TechRadar Pro: How many devices do you have Firefox installed on?
Johnathan Nightingale: I have my work laptop, my home PC and I've always got some phones and tablets on the go; I am relatively digital. But I've actually installed Firefox on hundreds of devices.
Even before I started working for Mozilla, I was a big fan of Firefox and what it represents so I was one of those people who go into a computer store and install Firefox on all the laptops on display. I don't know if that's welcome or not but I do it! We hear from our fans all the time that they do it too because they want people to have a choice, they believe in what we are doing and they understand it.
TRP: Why is customisation important to you?
JN: Firefox is fast and safe and fun. It is all of those things out-of-the-box. You don't need to do a thing to it. But when we talk to our users, they tell us that our individuality and our independence is something they value. We value our users' individuality in return.
So, customisation is important because we want to make it as easy as possible for you to get your browser working the way you want. It's about giving you the ability to express that choice, whether you want to customise by applying a theme or deeply changing the functionality of your browser by applying a number of add-ons or configuring your preferences.
You spend more time in your browser than any other piece of software or any other interface in your life. So to us, it makes sense that yes, you should be able to grab that and move it around.
Earlier this year we released a version of Firefox that made customisation even easier because we wanted to invite more people to do it. The customise button is the only part of the menu that you can't cut out of your browser! We believe that it should always be possible to alter your browser. That is a central value of ours.
TRP: How have you customised your Firefox?
JN: My browser is where I live – and it shows! I thoroughly customised it with add-ons and my own personal preferences and I also change it up a fair bit depending on what I am working on.
When I am engaged in a planning process, I'll reconfigure things and find an add-on that puts my tabs on the side so I can manage them more easily, or I'll move to multiple windows and start using tab spaces. When I am ready to work on something else, I will reconfigure it again.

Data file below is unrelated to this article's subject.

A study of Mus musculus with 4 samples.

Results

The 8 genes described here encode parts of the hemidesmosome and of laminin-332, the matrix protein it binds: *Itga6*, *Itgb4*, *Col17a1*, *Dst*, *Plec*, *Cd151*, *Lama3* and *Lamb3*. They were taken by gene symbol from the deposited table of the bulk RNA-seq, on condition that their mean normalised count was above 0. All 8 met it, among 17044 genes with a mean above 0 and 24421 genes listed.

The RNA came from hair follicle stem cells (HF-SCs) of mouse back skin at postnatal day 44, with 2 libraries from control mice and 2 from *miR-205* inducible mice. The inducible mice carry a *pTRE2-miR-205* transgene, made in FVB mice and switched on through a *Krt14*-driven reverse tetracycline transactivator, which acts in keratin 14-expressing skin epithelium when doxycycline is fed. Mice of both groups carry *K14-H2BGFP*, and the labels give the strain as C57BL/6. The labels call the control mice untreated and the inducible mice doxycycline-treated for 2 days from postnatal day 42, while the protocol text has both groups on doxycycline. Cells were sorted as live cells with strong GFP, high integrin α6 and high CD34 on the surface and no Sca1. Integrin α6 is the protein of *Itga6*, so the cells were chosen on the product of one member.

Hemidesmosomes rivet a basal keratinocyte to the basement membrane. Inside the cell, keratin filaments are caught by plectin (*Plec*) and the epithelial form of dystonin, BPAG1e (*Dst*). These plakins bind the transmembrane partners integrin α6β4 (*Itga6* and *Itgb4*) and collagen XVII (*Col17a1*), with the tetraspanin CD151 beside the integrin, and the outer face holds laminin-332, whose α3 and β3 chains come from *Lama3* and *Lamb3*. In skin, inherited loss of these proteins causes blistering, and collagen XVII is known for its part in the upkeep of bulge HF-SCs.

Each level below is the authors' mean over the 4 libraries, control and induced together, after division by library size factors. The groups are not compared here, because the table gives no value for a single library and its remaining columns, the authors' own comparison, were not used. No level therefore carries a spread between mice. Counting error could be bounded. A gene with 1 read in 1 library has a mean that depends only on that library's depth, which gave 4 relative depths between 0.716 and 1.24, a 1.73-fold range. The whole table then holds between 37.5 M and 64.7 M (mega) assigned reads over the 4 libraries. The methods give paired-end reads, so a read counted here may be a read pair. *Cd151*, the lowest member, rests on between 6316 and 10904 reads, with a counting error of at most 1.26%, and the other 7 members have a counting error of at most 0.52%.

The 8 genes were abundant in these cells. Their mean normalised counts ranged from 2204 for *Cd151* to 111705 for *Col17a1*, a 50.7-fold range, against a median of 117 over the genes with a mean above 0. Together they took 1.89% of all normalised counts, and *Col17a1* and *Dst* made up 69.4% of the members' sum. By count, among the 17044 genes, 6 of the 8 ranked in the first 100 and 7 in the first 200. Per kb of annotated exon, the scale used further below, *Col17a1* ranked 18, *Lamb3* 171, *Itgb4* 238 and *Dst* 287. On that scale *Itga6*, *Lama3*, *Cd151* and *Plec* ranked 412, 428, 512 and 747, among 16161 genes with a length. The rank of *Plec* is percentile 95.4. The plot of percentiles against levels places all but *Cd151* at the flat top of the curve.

I'm one of those people who hoard tabs – I have hundreds of tabs, so every once in a while, I'll reorganise those.
TRP: What is your favourite Firefox add-on?
JN: I'm really excited about things that give people extra visibility into their web experience. People are smart and they want to understand the way the internet works and the fact is, it's complicated.
Our job is to make that easier for you to understand and control, which is why I use add-ons like Lightbeam, which we built at Mozilla. It shows you how the websites you visit track you and interact with your data, and it sheds some light on which third-party sites can access your data based on the first website you visited.
We are not the only ones who are exploring how to make the state of the web more visible to you and I get really excited by that. There are other add-ons including Privacy Badger and Ghostery that are working on relaying the same set of concepts.
These are also the add-ons I recommend anytime someone asks me about online data and online privacy. It is always interesting to see people's reactions when they run with one of those add-ons for a while – they start to get a clearer sense of how they are being tracked. It causes new questions to come up and invariably makes people feel different about some of the sites they visit and the tools those sites use to keep track of them.
TRP: When you are not working, do you use Firefox for web gaming?
JN: Yes. I've been using the web for gaming in different ways over the years. The games I am playing this year are better than the games I was playing a couple of years ago and the games I will play next year are going to be incredible.
What I'm excited about is what has become possible when it comes to gaming on the web. Games used to be seen as one of the last bastions of downloaded software – a game would only work if you install it on your machine or console and run it locally. In October, Mozilla released a package of eight web games with Humble Bundle. What you see there is the ability to play big, rich, interactive, plugin-free games on the web, without downloading or installing anything.
We unlocked the web so game developers could take advantage of it in the same way most other kinds of apps have for the last 10 years. Because of this, we are seeing major game engines look more closely at the web as a platform for gaming.
The web is an exciting place for game developers to be, because on the web, distribution is trivial and you don't have to convince people to install things. Game developers are starting to realise that the time has come for them to say: 'I want this game to be available on the PC, on Xbox and the web'.
TRP: How important has the work of the volunteer community been over the past 10 years?
JN: Our global community of volunteers is very much the lifeblood of a lot of our engineering work. Approximately 500 people worked on Firefox 33, and more than half of those contributors were volunteers.
On top of that, Firefox is available in 90 languages thanks to the work of hundreds of localisation volunteers. It is a humbling and incredibly powerful experience to be in a room of people who are not paid, who spend their time looking at everything we have built in Firefox, taking all of the text that goes along with that, looking at all of the assumptions about how you write numbers and how you express different concepts, making it work in their own language and delivering that. Our community of volunteers is the heart of what we do.